Maybe you saw him. He was an unofficial institution, a part of the Buffalo landscape nearly as familiar as the Anchor Bar.
He hung out on the grass near the Elm Street overpass, flanked by two shopping carts filled with everything from notebooks to rags. He shuffled along downtown streets, the carts tied together by rope. He was easy to file: a homeless, mentally unstable guy; a square peg to society's round hole.
He was that, but he was more than that. Charley Portis was homeless, but he was surrounded by family. Charley Portis lived on the streets, but it was by choice, not necessity. There was a method to his seeming madness, a purpose to his poverty.
Charley Portis wanted to live the way Jesus would have.
"My brother said he did not like Corporate America," Idella Abram said, "because it forgot about the little people."
To Idella, Charley Portis was the big brother who taught her to tie her shoes, to read and write, to swim, to throw a ball. She is one of five siblings who fed their street-dwelling brother, washed his clothes, sheltered him -- when he would accept the kindness -- and, above all, loved him.
He, in return, played with his grand-nieces and -nephews, showed them card tricks, shared simple wisdom and laughed in his odd, huffing way.
For a long time, the family tried to force him, as his niece Katrina Arnold put it, "to have a normal life." But "normal" meant nothing to Charley Portis.
He graduated from Lafayette High School. He spent two semesters at the University of Buffalo. Then he left -- Bible in hand -- to work in a homeless shelter in Richmond, Va.
"He called himself a soldier for the Lord," Idella said recently at an Elmwood Avenue restaurant. "A lot of ministers won't live with people on the street. He was willing to take that step."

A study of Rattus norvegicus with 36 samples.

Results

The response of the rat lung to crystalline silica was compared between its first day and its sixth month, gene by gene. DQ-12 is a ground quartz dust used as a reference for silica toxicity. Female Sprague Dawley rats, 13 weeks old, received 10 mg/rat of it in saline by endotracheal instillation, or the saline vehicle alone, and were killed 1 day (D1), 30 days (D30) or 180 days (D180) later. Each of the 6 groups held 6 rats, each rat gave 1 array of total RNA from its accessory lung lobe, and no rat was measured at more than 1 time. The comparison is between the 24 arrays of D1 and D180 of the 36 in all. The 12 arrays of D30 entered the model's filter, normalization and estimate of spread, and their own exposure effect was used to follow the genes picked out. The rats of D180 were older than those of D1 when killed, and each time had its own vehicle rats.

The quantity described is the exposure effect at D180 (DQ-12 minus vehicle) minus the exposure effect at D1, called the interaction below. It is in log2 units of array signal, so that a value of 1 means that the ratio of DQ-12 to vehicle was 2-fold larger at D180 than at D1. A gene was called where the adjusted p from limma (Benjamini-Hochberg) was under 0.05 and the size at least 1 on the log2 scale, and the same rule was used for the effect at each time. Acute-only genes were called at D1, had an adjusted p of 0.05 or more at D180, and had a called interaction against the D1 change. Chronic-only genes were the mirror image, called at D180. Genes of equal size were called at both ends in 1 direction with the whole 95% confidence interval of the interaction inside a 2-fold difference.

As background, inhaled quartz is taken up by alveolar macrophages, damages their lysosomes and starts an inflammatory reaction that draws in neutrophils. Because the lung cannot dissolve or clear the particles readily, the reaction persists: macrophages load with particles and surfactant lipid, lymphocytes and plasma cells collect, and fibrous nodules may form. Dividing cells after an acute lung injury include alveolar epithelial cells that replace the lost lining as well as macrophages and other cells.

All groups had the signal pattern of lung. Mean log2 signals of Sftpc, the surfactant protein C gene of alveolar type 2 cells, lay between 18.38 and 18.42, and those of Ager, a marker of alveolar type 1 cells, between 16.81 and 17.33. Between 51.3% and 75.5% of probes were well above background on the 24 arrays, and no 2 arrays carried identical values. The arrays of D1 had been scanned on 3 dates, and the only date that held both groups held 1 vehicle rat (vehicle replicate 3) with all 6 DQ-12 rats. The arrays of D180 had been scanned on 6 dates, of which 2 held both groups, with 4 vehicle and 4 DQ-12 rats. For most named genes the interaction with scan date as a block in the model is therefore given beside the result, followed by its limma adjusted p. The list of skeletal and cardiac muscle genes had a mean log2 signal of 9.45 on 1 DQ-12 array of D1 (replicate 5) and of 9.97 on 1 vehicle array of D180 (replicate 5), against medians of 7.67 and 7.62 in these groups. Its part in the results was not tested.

The fact that Charley became one of those whose lives he strived to touch was not lost on him. He was a bright guy who played chess, wrote poetry, haunted the downtown library and recited Bible verses from memory. When his sister -- trying to tame him -- bought Charley a TV, he took it apart. The next day, he had it back together -- and working.
"He thought people threw away too much," Idella said, "and didn't appreciate what they had."
Some of those who seem lost have, in a sense, actually found themselves. Portis believed that happiness does not lie in fast cars or fancy clothes. Life's substance is in one's soul.
Yes, doctors said he was mentally ill, schizophrenic. And he smelled like a bull. There is no sentimentalizing it. But there was a logic in his choices, sense in his sensibilities. He understood more about life than some folks flying around in corporate jets.
Still, having a "bum" in the family is not easy.
"He was out there because he chose to be," said Idella, an ex-Buffalo cop. "It took me a long time to accept that."
She learned to add compassion to her crust and patience to any patrol.
"He reminded me that people who call 911 are desperate," she said. "Understanding that, I saw things differently."
Life on the street is hard enough for a young man. Decades of it took pieces out of Charley Portis. He looked older than 54 when an infection took his life a few weeks ago. Or maybe his ancient appearance merely reflected accumulated wisdom.
There is now just an empty space on Elm Street where he liked to settle. His shopping carts, and whatever they contained, are lost. Like a landmark torn down, like an edifice obliterated, Charley Portis is gone.
Like anything familiar, he lives on in memory. Like anyone who is loved, he survives in many hearts.